Last week, Radio Free Asia reported that UNESCO has requested an assessment for a planned hydropower dam close to the town of Luang Prabang, fearing that the dam’s potential impact could put the World Heritage Site at risk.
Luang Prabang is the former center of the precolonial Lan Xang kingdom and has remained an important spiritual and religious center in the centuries since. UNESCO added Luang Prabang to its World Heritage list in 1995, describing its antique old town as “an outstanding example of the fusion of traditional architecture and Lao urban structures with those built by the European colonial authorities in the 19th and 20th centuries.”
Just 25 kilometers upstream of the town, however, Laos’s communist government is planning to construct a gargantuan 1,460-megawatt dam. The $3 billion project, a joint venture involving Petro Vietnam Power Corporation and Thailand’s CH Karnchang, is scheduled to begin construction this year and finish in 2027.
While the dam will be built outside the boundaries of the World Heritage Site, Dr. Mechtild Rossler, director of the UNESCO World Heritage Center in Paris told Radio Free Asia’s Lao service that it is “quite close to the site, and as the Mekong River Commission expressed concerns about the security and safety standards, we have been looking into that question.”
It’s a reasonable concern. In July 2018, a wall collapsed on a dam that was under construction in southern province of Attapeu, producing a surge of water that killed around 40 people and displaced many thousands.
The Luang Prabang dam is just one of a cascade of Mekong dams that the Lao government has slated as part of its plan of turning the land-locked country into the “battery of Southeast Asia.”
As Tom Fawthrop wrote in these pages in December, Laos has also built a dam, the Xayaburi hydropower project, downstream of Luang Prabang. If this new upstream project goes ahead, he argued, it would impede the flow of the Mekong and Nam Khan rivers, which flank the temple-studded town, which celebrated its 25th anniversary as a World Heritage Site last year.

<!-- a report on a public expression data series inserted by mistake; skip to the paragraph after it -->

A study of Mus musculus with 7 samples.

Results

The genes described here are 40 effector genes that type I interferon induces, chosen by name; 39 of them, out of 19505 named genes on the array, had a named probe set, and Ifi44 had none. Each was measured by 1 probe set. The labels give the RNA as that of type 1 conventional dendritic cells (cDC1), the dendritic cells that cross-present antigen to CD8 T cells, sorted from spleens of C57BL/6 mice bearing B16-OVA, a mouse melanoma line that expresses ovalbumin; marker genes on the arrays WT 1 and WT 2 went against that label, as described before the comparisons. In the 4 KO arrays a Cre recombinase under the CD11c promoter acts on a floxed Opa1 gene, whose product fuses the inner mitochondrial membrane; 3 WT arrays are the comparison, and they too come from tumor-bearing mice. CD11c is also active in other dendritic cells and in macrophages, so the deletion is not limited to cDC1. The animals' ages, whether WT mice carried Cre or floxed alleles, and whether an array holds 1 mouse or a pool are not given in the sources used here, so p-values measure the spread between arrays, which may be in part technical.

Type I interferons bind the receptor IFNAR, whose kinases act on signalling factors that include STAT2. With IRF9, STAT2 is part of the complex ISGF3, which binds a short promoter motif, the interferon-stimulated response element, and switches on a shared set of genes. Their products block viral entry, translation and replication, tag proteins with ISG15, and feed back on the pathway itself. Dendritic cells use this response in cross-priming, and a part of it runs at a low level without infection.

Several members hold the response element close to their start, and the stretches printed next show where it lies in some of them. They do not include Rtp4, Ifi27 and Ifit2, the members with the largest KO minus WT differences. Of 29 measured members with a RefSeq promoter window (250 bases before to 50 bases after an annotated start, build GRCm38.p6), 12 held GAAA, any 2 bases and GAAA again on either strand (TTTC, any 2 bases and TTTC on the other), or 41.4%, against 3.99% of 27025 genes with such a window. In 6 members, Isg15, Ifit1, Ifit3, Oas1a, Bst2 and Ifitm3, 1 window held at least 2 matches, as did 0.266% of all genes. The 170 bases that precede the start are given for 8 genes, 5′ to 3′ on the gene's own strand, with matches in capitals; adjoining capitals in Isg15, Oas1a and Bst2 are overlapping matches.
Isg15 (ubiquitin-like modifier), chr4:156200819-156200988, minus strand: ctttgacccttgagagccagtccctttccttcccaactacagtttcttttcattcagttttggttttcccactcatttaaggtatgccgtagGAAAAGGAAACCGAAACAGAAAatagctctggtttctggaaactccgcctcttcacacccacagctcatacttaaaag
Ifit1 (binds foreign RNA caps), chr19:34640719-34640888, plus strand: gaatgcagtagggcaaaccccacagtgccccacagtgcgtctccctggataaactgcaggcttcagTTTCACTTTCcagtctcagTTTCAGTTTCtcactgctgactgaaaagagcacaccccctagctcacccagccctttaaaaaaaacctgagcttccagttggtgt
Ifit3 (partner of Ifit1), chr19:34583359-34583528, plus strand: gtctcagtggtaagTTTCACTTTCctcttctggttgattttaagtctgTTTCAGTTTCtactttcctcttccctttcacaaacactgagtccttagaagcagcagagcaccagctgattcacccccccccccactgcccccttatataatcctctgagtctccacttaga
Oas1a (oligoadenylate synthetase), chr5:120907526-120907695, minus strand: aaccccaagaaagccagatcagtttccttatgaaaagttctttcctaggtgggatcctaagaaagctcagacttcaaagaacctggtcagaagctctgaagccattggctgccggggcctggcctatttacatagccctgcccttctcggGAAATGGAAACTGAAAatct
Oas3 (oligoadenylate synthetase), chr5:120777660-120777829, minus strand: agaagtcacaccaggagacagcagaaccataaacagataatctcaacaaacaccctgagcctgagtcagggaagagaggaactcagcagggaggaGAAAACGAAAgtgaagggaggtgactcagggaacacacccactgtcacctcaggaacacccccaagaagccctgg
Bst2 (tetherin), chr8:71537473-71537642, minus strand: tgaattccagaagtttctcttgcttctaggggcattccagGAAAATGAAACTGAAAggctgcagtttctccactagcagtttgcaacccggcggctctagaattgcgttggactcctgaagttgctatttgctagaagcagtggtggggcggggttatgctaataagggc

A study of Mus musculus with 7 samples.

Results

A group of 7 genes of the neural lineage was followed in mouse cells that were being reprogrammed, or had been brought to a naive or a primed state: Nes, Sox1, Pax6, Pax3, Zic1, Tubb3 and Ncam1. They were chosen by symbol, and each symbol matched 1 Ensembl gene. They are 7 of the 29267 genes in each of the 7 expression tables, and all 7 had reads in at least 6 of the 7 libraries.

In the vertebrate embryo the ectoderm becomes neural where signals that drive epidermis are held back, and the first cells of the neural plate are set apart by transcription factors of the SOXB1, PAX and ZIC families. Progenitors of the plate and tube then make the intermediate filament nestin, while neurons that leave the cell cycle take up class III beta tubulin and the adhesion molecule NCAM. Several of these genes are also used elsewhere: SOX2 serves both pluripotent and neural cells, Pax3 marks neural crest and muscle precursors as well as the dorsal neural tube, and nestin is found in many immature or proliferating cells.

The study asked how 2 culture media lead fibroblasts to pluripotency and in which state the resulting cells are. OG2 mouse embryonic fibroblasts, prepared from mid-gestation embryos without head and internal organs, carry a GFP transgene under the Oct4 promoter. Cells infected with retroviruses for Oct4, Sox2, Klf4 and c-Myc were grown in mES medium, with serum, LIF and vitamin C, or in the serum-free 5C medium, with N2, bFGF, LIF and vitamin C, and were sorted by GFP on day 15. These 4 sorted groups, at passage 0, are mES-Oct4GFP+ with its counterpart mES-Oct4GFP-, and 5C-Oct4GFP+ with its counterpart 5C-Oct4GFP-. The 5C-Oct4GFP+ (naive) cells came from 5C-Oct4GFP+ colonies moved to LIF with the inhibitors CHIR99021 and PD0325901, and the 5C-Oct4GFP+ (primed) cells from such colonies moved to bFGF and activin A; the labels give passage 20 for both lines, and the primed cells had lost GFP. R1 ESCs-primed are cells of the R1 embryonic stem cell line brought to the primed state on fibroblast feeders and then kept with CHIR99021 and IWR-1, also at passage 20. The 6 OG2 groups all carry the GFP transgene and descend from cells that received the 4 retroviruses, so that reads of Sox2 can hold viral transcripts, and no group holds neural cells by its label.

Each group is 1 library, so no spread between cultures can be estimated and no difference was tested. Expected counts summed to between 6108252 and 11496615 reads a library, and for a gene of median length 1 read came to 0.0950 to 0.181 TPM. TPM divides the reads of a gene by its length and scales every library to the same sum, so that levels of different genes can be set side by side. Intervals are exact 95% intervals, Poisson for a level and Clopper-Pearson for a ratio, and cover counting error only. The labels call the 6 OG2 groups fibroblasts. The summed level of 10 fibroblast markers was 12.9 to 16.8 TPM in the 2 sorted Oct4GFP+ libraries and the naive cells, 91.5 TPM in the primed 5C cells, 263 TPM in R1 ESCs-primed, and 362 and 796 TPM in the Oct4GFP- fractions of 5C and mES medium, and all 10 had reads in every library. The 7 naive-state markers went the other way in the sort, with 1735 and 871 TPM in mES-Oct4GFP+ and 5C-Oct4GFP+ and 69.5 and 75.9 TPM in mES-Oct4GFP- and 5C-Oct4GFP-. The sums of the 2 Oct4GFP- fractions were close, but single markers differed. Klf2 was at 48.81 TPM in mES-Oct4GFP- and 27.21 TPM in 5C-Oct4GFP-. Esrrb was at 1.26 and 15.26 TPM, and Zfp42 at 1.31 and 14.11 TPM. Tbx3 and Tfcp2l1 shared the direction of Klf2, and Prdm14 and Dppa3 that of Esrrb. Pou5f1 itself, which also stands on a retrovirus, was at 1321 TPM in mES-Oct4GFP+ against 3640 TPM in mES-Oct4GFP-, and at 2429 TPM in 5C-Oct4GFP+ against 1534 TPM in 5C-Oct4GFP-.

As Minja Yang, the former deputy director of UNESCO’s World Heritage Center told Fawthrop, “UNESCO signed the 1995 Agreement with the Lao government based on the unique links between nature, culture, and history along the confluence of the Mekong and Khan rivers. If the site becomes a ‘lakeside’ town and no longer a riverside town, the authenticity as well as its integrity will be lost forever.”
UNESCO’s call for a special heritage assessment is just the latest sign of the growing disquiet about the environmental, social, and economic impacts of Laos’ dam-building plans, including from fellow members of the Mekong River Commission. It also hints at the increasing pressures that development has put on Luang Prabang’s fragile cultural assets.
Since its listing by UNESCO in 1995, the town has gone from an impoverished settlement with a stuttering electricity supply to one of Southeast Asia’s prized boutique travel destinations. Rocketing tourist numbers have put a heavy strain on the town’s tourist infrastructure.
As early as 2004, UNESCO noted in a report that tourism development had already put a “critical stress” on the town’s environmental and cultural resources. Without proper management, it warned, Luang Prabang could well become “another tourist town where soft-drink billboards dominate the landscape, where the sound of tour buses drowns out the soft temple prayers and where the town’s residents are reduced to the roles of bit-players in a cultural theme park.”
While COVID-19 has brought much of this growth to a temporary halt, the longer-term trends are clear. Luang Prabang will be a station on the Chinese-built railway running from Yunnan province to the Lao capital Vientiane, which is set to open later this year, and is also increasingly linked to China and its Southeast Asian neighbors by road and air links.
All this makes it clear that the Lao government needs a long-term plan to safeguard Luang Prabang’s World Heritage Status, a valuable economic asset for the country. Its breakneck hydropower developments unfortunately point in the opposite direction.